1
Chapter 11 Nuclear Energy Benefits Risks
  • Fact 7 of energy consumed worldwide comes from
    nuclear power

2
The Nature of Nuclear Energy
  • Two types Fusion and Fission
  • Fusion
  • Two or more lighter nuclei combine to form
    heavier nucleus energy, e.g., hydrogen fusion
    to helium
  • Takes place inside core of Sun
  • Takes place in an H-bomb
  • Not feasible as a controlled energy source, too
    hot to contain

5
The Nature of Nuclear Energy
  • Fission
  • heavy nucleus splits into smaller particles
    energy
  • Example First atomic bombs, like those dropped
    on Hiroshima Nagasaki
  • Can be controlled and used as a source of
    commercial energy Nuclear power plants

6
Figure 11.2
7
Nuclear Reactors Power Generation
  • Several types, most use Uranium-235 (some
    Pu-239) as fuel
  • Energy is released, which is used to heat water
    to make steam, which is used to turn a turbine to
    generate electricity
  • Figure 11.4 gt

8
Nuclear Fuel Cycle fig 11.9
  • U-235 is a nonrenewable resource (just like
    fossil fuels), it is mined (expensive)
  • Typical uranium ore contains only 0.2 Uranium
  • Of that 99.3 is U-238 (not usable) and 0.7
    U-235
  • So, ore must be enriched (expensive) and made
    into fuel rods
  • Fuel rods used in reactors last about 3 years,
    but still have radioactivity left spent fuel
    rods gt radioactive waste
  • Disposal of this waste is a major problem

9
Nuclear Waste Disposal
  • Fuel rods placed in sealed casks, then
  • High-level (of radiation) waste disposal
  • Or, burial in geologically stable area
  • NIMBY problems

10
Yucca Mountain, NV -- fig. 11.18
  • http//www.epa.gov/radiation/yucca/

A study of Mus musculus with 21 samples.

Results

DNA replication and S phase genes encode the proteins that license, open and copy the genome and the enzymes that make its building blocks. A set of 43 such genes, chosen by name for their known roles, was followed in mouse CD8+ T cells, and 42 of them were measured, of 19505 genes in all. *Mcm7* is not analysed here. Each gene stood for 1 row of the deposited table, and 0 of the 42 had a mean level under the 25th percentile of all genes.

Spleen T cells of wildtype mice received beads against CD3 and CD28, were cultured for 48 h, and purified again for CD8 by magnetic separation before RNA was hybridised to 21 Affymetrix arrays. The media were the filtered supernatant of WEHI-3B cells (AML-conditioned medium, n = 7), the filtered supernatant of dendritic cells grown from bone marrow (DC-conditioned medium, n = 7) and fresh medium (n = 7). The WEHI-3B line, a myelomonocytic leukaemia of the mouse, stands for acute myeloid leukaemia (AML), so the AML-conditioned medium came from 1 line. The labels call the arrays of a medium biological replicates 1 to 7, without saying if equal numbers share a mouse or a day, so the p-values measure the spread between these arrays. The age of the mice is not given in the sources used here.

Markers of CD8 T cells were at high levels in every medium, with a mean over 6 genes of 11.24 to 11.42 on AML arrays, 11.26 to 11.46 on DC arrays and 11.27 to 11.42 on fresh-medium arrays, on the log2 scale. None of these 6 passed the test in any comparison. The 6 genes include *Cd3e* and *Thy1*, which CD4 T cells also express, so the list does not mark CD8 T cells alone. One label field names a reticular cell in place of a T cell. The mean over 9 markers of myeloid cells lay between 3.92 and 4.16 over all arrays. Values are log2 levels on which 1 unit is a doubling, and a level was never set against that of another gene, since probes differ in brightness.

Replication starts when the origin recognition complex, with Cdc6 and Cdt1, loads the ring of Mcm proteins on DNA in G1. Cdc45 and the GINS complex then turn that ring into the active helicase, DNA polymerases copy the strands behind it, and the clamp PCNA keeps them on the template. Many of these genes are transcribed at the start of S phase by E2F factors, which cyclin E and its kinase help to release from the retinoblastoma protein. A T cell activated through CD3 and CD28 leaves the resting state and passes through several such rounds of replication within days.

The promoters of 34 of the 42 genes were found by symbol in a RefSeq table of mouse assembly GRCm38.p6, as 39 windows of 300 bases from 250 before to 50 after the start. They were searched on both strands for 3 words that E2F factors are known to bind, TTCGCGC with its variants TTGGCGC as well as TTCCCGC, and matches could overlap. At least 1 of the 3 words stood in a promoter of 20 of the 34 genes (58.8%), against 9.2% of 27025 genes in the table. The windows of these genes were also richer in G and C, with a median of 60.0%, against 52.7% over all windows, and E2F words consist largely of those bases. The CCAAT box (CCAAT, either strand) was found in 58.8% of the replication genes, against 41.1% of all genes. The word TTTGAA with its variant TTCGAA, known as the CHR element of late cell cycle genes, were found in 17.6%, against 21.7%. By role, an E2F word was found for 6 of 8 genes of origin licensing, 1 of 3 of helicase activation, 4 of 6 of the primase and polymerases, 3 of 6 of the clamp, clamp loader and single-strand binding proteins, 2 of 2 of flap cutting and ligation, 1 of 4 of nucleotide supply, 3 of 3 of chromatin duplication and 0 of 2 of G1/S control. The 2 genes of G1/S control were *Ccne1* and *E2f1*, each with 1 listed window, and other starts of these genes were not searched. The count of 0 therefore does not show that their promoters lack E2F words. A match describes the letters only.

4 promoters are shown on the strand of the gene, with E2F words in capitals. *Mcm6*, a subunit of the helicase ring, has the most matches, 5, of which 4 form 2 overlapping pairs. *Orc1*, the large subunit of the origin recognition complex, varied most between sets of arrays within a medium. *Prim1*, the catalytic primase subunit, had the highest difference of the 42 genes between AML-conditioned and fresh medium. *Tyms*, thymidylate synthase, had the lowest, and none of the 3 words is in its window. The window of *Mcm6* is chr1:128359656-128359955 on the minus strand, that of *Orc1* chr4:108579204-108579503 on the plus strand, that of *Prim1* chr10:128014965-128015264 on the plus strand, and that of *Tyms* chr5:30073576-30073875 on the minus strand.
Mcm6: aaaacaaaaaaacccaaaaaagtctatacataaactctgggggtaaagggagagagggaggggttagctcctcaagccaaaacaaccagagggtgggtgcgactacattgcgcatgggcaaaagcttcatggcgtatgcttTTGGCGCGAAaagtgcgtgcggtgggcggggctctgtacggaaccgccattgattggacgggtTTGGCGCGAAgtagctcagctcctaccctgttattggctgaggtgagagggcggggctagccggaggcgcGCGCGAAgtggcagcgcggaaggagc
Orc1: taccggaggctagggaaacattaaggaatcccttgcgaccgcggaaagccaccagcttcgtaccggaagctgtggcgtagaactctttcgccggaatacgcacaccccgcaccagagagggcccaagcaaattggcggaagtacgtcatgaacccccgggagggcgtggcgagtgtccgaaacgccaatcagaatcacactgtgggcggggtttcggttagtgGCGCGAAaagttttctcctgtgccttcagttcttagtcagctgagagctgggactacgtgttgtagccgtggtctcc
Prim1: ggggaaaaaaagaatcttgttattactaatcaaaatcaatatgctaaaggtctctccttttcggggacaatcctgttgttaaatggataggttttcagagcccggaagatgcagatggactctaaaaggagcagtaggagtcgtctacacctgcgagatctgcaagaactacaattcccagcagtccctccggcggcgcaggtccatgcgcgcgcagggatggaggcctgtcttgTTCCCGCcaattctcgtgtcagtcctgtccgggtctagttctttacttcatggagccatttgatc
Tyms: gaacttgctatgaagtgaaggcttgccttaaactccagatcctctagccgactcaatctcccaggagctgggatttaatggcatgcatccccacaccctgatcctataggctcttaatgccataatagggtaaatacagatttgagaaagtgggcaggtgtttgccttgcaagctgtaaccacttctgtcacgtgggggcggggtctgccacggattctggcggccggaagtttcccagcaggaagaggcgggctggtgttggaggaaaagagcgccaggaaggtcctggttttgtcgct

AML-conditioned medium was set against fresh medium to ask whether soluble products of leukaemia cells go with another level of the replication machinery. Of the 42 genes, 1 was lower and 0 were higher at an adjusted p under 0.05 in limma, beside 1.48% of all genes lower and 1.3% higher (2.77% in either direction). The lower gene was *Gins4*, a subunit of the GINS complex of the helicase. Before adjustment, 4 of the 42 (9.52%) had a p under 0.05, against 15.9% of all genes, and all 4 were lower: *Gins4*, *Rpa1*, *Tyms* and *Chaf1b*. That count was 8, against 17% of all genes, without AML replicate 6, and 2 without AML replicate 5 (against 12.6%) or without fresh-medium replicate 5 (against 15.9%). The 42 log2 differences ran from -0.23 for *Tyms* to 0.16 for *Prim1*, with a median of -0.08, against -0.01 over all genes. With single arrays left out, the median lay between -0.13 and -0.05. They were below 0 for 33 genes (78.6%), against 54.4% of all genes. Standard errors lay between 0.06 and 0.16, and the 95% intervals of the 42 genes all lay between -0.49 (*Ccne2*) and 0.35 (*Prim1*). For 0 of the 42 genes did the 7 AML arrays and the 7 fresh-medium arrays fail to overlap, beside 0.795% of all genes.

11
Nuclear Power Concerns
  • No fear of nuclear explosion (like a nuclear
    bomb)
  • Greatest fear if proper safety measures arent
    followed (human error!), reactor can overheat and
    cause a steam explosion, which throws radioactive
    material a long distance
  • Ex Chernobyl disaster of 1986, pp. 234-235
  • Ex (almost happened) Three-Mile Island, PA 79

12
Nuclear Power Concerns...
  • Exposure to radiation (see table 11.3, p. 237)
  • Note Not from nuclear power plants!
  • Concern is from handling ore, fuel rods, waste
  • Thermal pollution
  • water used to cool reactor gets returned to
    natural water system (lake, river, ocean)
  • some species are sensitive to temperature
  • fossil fuel plants also release hot water, but
    not as much as nucs (1/2 waste heat instead of
    2/3)

13
Nuclear Power Concerns...
  • Decommissioning costs
  • All power plants have a finite life 30-40 years
  • Must then be decommissioned, or taken apart in
    a systematic and careful way quite expensive to
    do right (50 million - 3 billion)
  • Waste disposal
  • already discussed

14
Nuclear Power Benefits (?)
  • Produces no air pollution!
  • No CO2 (global warming), CO, no nitrogen or
    sulfur oxides, no volatile organic compounds, no
    particulate matter
  • Mining is safer than (underground) coal mining
  • Very successful in France, where it supplies 73
    of its electricity and costs 20 - 30 less than
    generating electricity by coal
  • reason government and public support

15
Nuclear Power Benefits (?)
  • A good possible transition fuel as fossil fuels
    become more scarce (until better renewable
    sources can be developed, recall nuclear energy
    is not renewable)
  • Comment Part of the lack of success of nukes in
    the U.S. is the propaganda against it, especially
    after Three-Mile Island and Chernobyl (both of
    which were caused by human incompetence, not
    nuclear technology)

16
Anti-Nuclear Propaganda
17
Read The Nuclear Legacy of the Soviet Union
  • P. 231, Notice how we are blamed for this too!